HIV concerns over Russia’s Sputnik V obstructs Sahpra approval
Sahpra has been reviewing the data for the Sputnik V vaccine developed by the Gamaleya Research Institute of Epidemiology and Microbiology in the Russian Federation, since the initial application was submitted on February 23, 2021.
The locally-licensed applicant is Lamar International Pty (Ltd).
Sahpra chief executive Dr Boitumelo Semete said: “The Sputnik V vaccine combines two separate adenovirus-vectored constructs, one relying on the Adenovirus Type 26 (Ad26) and the other on Adenovirus Type 5 (Ad5), as the delivery vehicles for the antigen.
“Concerns have been raised about the safety of Ad5-vectored vaccines in populations at risk for HIV infection. One of the challenges faced by such vaccines is the presence of pre-existing Ad-specific neutralising antibodies (NAbs) in the general population.”
In a statement released on Monday, Sahpra said it had requested the applicant to provide data demonstrating the safety of the Sputnik V vaccine in settings of high HIV prevalence and incidence, with the applicant unable to adequately address the request.
The Sputnik V Covid-19 vaccine has not received Emergency Use Listing by the World Health Organization.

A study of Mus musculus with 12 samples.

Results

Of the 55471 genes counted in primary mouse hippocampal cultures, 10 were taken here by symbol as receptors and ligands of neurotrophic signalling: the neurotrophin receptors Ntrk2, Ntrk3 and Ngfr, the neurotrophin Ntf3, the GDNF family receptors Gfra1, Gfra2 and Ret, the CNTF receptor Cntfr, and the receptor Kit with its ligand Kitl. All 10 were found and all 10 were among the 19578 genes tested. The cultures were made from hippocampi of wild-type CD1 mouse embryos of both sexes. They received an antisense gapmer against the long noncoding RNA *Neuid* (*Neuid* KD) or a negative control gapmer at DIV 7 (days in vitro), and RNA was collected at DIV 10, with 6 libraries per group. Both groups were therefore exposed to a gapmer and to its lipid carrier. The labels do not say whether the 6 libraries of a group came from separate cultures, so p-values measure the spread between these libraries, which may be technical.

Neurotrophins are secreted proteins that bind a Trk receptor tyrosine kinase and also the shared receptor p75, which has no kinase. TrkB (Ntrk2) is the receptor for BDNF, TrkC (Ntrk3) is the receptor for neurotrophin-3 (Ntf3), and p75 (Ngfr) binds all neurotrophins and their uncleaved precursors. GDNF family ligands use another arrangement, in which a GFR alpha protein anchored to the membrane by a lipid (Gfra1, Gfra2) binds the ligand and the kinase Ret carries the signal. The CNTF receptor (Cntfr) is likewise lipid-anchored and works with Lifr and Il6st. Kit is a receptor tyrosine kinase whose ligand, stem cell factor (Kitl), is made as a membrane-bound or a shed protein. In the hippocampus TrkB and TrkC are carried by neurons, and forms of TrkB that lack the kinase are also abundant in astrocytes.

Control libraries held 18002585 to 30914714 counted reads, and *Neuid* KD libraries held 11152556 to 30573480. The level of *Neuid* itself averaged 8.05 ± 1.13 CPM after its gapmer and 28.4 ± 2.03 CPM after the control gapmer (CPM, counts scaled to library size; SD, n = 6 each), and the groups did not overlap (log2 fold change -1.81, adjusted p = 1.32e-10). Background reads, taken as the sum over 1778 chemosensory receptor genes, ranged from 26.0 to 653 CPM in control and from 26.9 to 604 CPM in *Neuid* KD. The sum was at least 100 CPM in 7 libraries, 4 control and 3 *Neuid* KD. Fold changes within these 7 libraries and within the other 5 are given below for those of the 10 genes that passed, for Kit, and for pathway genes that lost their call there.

Sahpra said the Section 21 application for Sputnik V by Lamar international Pty (Ltd) will not be approved at this time, due to concerns that the use of the vaccine in South Africa, the setting of a high HIV prevalence and incidence, may increase the risk of vaccinated men acquiring HIV.
“The rolling review of the Sputnik V vaccine will, however, remain open for submission of relevant safety data in support of the application,” read the statement.
National Institute for Communicable Diseases acting executive director Adrian Puren said: “There was initial precedent-setting evidence that there was a risk of the Adenovirus 5 backbone being associated with HIV acquisition.
“The published data based on a well-designed HIV vaccine trial design may be a caution that there is risk for the Covid-19 vaccine to have a similar outcome in settings where there is a high prevalence of HIV. It would be difficult therefore to approve a vaccine given the evidence.”
In statement on Tuesday, the Gamaleya Center of Epidemiology and Microbiology, one of the world's leading research institution, has come out against these claims.
“Sahpra has confirmed that the rolling review of Sputnik V continues. All the required information confirming that possible concerns about the safety of Ad5-vectored vaccines in populations at risk for HIV infection are completely unfounded will be submitted to the South African regulator.
“There is no evidence of increased risk of HIV infection among human population after common cold or conjunctivitis,” the centre said.